1920s Paris. For a flowering of art and culture, and for sheer dazzle and beauty, it’s a time and a place almost without peer. Watching the City of Lights recover and thrive after the carnage of the First World War would be truly extraordinary.
What is your favourite module to teach and why?
Definitely my third-year special subject, “The Chimera: British Imperialism and Its Discontents.” It is amazing to nurture the intellectual progress of students over the course of a year’s intensive study. They arrive knowing next to nothing about both the history and historiography of the British Empire, and they leave as formidable researchers and analysts of the subject. Most of that progress is of their own doing — I give guidance, but they pursue their own particular interests, and often produce marvellous and unexpected results. My view often changes in surprising ways from reading their work.
What inspired you to teach your subject?
My father came from a family of Holocaust survivors and was a veteran of the Second World War. He rarely spoke about either, but the stories he used to tell of Prague in the 1930s, and of working in Hollywood after the war were just mesmerising. I could never hope to live a life half as interesting as his was, but through the study of history, I could become a time-traveller of sorts.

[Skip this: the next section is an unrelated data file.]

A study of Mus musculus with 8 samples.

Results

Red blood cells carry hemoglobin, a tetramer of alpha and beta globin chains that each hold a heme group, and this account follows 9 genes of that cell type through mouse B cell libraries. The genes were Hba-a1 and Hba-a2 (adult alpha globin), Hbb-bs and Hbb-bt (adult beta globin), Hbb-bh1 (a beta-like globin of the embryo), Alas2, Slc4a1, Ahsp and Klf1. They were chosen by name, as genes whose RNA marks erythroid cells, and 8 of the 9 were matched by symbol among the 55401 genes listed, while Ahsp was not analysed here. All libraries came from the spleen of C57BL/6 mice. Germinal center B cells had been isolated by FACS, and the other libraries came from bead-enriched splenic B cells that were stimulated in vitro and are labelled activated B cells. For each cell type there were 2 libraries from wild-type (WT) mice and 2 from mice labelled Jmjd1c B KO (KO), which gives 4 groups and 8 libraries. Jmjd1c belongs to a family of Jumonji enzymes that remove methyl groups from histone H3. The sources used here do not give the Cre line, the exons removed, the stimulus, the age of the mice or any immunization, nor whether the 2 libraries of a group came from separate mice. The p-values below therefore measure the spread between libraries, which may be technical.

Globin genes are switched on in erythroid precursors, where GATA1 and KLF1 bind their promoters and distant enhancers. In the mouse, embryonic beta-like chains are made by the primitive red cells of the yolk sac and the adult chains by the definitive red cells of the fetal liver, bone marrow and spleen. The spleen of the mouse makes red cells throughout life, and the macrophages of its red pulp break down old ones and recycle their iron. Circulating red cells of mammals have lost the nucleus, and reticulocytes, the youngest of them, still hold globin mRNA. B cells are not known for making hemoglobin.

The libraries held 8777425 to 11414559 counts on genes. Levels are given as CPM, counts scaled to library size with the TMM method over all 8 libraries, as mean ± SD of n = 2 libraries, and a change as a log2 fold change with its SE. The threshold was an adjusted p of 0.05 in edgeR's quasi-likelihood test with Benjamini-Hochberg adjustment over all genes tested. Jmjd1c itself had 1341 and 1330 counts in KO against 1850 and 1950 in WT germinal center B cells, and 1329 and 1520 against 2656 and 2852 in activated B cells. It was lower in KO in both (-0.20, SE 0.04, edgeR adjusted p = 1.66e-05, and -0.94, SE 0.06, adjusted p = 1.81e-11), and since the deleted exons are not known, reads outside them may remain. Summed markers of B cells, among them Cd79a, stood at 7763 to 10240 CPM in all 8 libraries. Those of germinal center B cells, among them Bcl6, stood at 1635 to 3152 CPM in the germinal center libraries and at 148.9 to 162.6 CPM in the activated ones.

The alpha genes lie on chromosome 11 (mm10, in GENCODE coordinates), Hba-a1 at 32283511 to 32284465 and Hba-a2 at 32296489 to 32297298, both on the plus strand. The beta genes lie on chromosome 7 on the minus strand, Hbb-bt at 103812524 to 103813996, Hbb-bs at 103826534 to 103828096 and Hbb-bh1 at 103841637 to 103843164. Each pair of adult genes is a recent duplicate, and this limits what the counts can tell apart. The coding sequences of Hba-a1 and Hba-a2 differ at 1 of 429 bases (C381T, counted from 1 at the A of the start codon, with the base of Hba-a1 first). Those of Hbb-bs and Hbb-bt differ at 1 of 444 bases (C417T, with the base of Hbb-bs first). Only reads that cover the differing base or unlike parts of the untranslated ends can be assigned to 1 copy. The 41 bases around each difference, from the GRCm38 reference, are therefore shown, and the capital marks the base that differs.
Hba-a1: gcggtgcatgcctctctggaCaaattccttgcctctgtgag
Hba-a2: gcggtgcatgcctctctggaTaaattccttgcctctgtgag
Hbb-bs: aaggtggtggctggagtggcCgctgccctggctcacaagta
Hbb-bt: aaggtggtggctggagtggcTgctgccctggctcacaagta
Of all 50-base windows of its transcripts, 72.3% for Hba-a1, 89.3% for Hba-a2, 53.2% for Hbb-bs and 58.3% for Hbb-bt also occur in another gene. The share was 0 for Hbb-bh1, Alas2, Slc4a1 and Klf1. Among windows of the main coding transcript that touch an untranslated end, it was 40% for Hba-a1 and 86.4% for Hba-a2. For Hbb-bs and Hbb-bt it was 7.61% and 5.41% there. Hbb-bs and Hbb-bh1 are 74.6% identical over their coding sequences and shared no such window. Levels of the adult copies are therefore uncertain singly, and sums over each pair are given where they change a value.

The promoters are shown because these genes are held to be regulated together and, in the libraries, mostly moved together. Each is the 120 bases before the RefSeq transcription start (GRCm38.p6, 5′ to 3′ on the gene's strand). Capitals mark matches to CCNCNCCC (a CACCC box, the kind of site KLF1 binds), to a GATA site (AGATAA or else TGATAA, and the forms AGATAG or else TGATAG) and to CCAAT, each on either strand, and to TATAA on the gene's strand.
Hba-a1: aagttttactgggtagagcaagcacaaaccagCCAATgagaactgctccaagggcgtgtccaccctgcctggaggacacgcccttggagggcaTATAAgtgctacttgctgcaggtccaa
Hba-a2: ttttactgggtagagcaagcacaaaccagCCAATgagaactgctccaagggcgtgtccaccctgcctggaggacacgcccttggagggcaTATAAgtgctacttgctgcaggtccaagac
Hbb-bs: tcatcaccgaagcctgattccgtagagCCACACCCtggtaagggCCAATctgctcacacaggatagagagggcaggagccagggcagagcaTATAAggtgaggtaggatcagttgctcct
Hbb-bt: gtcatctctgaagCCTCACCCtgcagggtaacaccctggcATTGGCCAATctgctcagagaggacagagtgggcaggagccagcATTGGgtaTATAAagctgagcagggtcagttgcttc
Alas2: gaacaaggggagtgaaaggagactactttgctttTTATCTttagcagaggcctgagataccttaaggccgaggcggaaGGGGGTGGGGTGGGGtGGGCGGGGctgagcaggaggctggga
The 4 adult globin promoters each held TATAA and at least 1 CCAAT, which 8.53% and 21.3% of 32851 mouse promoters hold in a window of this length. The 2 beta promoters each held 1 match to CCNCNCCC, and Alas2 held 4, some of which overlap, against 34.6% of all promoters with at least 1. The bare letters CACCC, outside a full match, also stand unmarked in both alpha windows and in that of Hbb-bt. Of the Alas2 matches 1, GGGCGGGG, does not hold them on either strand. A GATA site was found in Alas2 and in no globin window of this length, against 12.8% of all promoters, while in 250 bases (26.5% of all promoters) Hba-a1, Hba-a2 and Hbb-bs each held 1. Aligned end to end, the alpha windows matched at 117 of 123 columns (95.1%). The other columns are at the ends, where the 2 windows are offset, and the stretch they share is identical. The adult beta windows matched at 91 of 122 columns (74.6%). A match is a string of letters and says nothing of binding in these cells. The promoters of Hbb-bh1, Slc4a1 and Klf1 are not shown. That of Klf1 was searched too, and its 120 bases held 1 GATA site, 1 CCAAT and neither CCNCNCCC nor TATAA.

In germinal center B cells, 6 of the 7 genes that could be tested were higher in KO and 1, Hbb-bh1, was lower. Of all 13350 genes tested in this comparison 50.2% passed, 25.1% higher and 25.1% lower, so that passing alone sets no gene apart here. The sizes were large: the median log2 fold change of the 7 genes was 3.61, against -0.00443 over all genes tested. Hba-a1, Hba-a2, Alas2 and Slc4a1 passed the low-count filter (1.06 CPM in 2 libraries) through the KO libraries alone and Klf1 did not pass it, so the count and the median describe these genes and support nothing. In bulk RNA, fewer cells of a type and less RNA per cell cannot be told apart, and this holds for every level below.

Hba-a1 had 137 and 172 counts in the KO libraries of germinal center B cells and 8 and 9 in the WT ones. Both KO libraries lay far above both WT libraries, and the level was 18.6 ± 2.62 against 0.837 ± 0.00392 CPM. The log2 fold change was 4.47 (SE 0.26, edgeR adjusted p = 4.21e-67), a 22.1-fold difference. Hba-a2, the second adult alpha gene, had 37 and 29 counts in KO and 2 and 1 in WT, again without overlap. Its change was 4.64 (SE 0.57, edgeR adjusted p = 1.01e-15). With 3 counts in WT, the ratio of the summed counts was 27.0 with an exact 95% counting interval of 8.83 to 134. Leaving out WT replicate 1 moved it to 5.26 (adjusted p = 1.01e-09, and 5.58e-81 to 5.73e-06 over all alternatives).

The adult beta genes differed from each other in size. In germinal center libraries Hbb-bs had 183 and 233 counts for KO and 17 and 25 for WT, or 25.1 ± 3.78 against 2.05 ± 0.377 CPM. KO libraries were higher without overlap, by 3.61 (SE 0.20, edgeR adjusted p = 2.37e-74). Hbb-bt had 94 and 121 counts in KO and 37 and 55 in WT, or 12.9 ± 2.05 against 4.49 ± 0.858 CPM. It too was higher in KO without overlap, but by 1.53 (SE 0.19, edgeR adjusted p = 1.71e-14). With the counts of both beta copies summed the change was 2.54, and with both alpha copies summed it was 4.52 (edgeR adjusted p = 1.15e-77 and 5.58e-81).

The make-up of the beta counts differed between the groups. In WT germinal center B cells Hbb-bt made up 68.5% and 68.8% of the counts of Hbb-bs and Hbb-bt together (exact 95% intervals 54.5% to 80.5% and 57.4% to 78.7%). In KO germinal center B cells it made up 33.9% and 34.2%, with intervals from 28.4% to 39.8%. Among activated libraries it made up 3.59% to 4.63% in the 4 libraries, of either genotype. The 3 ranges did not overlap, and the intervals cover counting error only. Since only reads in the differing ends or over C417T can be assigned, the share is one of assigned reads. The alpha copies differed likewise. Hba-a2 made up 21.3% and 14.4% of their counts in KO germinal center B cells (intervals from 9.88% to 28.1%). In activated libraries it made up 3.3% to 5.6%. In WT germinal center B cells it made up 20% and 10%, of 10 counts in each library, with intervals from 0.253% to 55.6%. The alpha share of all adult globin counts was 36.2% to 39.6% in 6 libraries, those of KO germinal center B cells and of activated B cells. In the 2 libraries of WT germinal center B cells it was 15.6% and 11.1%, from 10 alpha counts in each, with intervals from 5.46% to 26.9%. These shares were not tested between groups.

I always tell students that being a historian is like watching a movie where the film is running backwards. You can look on a busy urban landscape and think about what it must have been like when it was just a small town, a village, a Roman or Celtic trading post, a battleground, a sacred site, or maybe all of these at one point or another. Everything and everyone has a past just waiting to be discovered, and the stories that beckon to us are almost beyond imagining. History, for me, is not only inherently fascinating because of these stories, but also because it offers the best insight into the nature of human societies, how they change over time, and what role we, as individuals, for good or ill, can play in the larger events unfolding around us.